Alas, poor Freecycle. No one wants my broken telly, but they aren’t too shy to ask for a non-broken one.
The Freecycle Yahoo group works on a charmingly simple principle: Person A has some crap they will have to put in a skip; Person B would clamber into the skip if they knew where it was because that crap is exactly what they need; Magical Internet C circumvents both skip and clambering, and the crap of the world is recycled. Hurrah!
That’s how it used to work, anyway. There are still noble souls providing everything from the prosaic bookshelves, bedheads and baby clothes to ’12 slim maternity pads from Mothercare (unused)’. There’s even a nice-sounding lady terribly keen not to let a ‘half-used can of squirty cream’ go to waste. (There’s a subtext in there somewhere.) But one couple just moving into their new home have requested ‘*Dining table & chairs (4-6 pref)*Toaster*Kettle*Coffee table*Microwave*Wardrobe (pref flatpacked due to narrow stairs!!)*Small under-counter freezer*Most kitchen stuff minus pots & pans*Curtains*Lamps.’ Apparently I was mistaken about that principle: actually it’s ‘Please deliver your skip of crap to my house, and come to think of it I’d rather nothing in it was crap, and you can make me a cup of tea while you’re at it, two sugars, where’s my biscuit?’ Except without the ‘Please’.
The ‘we’ve just moved house’ handwringing is the crucial change here, though. It’s not enough these days to simply post a mild bit of begging: an X Factor-style ‘I’m doing it for me dead mum, Sharon’ is the only way to ensure only quality crap comes your way. That’s how I know that C wants some size 10 clothes for her young daughter, whose weight problem is preventing her from buying childrenswear; that L’s asking for a Christmas Tree outfit for an 8-month-old because her husband’s in Iraq and she’d like to send him a photo; that ‘Wanted: To see my son’ is in fact a plea for a bicycle to help a newly-separated dad travel to see his toddler. TMI. It’s like online dating, except the punters hope the fleeting attention of strangers will lead not to romance, but some shelves. I blame Facebook. Web 2.0 really has eaten that supposed British reticence, hasn’t it?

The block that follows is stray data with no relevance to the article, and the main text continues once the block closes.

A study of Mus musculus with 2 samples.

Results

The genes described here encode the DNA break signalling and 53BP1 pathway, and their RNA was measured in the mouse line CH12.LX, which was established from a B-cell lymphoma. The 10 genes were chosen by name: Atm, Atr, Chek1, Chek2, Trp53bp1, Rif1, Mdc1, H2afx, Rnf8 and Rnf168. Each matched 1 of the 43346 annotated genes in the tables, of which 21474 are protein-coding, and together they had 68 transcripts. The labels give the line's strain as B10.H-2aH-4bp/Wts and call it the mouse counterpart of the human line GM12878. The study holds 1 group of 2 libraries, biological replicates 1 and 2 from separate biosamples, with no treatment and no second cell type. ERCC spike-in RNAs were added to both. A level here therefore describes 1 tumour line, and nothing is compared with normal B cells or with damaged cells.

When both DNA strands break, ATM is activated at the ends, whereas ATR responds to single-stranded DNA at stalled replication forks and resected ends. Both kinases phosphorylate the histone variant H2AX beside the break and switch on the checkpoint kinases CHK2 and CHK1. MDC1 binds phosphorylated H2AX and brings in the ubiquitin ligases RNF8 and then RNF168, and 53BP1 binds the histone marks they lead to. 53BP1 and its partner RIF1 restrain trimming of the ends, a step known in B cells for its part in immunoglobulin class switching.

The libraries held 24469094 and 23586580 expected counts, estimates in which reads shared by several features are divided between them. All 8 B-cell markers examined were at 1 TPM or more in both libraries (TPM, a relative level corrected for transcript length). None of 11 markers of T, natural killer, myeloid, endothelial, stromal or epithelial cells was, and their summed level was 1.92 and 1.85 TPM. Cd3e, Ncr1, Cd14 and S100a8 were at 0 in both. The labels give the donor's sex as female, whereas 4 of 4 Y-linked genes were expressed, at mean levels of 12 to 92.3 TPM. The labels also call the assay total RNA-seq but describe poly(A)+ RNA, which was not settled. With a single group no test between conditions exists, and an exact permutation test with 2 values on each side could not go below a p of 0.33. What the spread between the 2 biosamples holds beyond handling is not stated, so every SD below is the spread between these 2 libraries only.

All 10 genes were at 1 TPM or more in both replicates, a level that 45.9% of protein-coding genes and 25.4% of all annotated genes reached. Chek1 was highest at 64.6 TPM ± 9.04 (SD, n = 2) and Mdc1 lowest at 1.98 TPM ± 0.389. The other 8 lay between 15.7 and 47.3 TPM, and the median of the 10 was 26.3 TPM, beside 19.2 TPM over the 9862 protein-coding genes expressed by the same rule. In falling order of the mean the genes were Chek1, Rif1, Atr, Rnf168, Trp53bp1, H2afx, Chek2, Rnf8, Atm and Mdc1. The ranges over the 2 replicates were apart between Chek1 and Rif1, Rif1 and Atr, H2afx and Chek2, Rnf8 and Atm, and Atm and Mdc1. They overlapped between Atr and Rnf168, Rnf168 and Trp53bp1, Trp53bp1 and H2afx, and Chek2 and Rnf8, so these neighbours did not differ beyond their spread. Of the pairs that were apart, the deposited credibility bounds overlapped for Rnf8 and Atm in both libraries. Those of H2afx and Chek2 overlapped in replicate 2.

(And if I sound unsympathetic, do bear in mind that a suitable bike, clothes and enough kitchenware to restock Ikea were ‘offered’ on the site during the week, if the ‘wanted’ crowd could have been arsed to look.)
Margery Allingham’s Look to the Lady. ‘My dear fellow,’ said Mr Campion with affable idiocy, ‘I have buttered my bun and now I must lie on it. And you, my beautiful, will stand meekly by.’ Like a cup of tea and a hug, in paperback.
The Editathon is over! Apart from the last three pages. They aren’t important, are they? I have (re)discovered that I like editing books the least of all the writerish things there are, which means I feel quite skippy and gleeful at the prospect of writing something fresh and new. Presumably this is how things are supposed to work.